The U.S. federal government just made a huge commitment to Open Mapping, taking the lead in creative government partnerships with the OpenStreetMap community.

Collaborate with Citizen and Global Cartographers in Open Mapping

Engaging communities to use open mapping platforms ensures the widest possible benefit of geographic data and improved public services for individuals and communities using that data. The Administration will expand interagency collaboration and coordination with the open mapping community to promote the use of open mapping data in both domestic and international applications.

Specifically, the State Department will continue and expand its public diplomacy program for open mapping, MapGive. Additionally, the Peace Corps will train volunteers to collaborate with their host communities on using and contributing to open mapping platforms. The U.S. Agency for International Development will promote the use of open mapping platforms in its programs and through data creation and youth engagement initiatives like Mapping for Resilience. The Department of the Interior will continue to promote the use of open mapping technologies to manage and share data in interactive map capabilities, including in production of the National Park Service’s digital map program’s web and mobile products. The U.S. Geological Survey will also continue crowdsourcing mapping efforts.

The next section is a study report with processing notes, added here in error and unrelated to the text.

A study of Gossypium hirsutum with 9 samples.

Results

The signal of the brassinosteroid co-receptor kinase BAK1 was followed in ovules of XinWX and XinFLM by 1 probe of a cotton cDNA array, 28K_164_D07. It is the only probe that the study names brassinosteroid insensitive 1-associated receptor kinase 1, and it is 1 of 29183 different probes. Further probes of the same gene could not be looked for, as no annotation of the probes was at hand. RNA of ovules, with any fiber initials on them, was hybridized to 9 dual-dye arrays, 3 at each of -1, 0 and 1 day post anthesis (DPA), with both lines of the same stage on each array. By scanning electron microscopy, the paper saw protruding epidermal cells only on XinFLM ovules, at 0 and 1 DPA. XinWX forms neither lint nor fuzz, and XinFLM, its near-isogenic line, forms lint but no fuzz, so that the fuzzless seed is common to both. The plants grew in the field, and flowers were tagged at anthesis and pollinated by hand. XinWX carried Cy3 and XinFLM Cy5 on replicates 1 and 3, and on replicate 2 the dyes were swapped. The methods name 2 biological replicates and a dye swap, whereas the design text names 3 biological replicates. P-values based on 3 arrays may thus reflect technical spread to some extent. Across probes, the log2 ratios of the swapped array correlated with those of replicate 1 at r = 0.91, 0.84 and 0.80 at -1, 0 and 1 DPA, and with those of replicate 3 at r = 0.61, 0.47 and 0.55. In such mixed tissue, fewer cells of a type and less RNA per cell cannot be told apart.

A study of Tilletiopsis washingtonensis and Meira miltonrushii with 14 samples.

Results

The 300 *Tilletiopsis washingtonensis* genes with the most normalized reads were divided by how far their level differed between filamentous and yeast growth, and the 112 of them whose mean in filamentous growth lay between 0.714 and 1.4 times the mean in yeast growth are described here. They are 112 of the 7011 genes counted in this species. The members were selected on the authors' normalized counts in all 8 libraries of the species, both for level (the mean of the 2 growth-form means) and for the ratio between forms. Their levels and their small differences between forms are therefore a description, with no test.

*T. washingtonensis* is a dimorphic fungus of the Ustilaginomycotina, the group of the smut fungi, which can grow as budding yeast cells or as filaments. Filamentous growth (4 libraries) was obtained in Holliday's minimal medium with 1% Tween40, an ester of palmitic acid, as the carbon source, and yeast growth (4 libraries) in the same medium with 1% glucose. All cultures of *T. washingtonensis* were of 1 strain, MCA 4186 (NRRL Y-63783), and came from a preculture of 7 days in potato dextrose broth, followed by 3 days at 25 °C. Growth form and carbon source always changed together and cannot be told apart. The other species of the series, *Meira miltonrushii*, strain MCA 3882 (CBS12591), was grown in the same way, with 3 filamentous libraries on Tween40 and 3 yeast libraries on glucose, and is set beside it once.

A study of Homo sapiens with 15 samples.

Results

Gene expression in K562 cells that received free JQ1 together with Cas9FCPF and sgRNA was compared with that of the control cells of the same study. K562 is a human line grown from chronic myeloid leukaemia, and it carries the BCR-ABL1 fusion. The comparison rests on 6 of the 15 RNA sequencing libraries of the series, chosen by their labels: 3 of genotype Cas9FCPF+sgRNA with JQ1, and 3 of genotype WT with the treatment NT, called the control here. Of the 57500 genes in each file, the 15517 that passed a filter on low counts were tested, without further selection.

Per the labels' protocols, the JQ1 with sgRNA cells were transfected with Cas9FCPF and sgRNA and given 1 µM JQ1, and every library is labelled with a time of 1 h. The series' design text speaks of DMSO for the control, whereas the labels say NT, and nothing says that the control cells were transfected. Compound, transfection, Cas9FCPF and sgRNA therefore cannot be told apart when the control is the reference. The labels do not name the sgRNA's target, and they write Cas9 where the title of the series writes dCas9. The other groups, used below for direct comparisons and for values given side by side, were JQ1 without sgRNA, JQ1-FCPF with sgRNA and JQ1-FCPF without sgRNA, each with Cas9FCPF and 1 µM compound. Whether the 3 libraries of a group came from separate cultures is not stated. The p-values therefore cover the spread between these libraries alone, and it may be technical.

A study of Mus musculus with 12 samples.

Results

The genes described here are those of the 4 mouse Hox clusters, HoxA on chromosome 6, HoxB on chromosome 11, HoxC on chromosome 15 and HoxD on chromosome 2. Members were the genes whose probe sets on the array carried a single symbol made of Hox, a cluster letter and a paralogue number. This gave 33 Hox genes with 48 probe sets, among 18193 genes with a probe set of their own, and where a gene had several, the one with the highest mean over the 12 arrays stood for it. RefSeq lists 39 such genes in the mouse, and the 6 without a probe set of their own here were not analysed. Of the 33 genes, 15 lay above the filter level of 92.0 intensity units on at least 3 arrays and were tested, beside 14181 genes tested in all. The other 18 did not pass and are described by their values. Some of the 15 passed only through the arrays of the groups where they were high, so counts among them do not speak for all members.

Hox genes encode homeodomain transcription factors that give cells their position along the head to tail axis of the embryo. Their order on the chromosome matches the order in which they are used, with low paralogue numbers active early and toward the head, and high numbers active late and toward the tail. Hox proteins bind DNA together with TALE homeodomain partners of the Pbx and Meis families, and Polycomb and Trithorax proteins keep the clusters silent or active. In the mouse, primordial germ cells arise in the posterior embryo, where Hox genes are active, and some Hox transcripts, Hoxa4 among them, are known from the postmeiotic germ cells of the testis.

Member nations of the Open Government Partnership set a “National Action Plan” every two years. This third plan for the U.S. government launched at the OGP Summit today. OpenStreetMap has a lot to share for Open Government and the Global Goals, and this commitment can inspire more countries to practice solid openness and citizen engagement. Find me @mikel and let’s make plans at the Summit or online.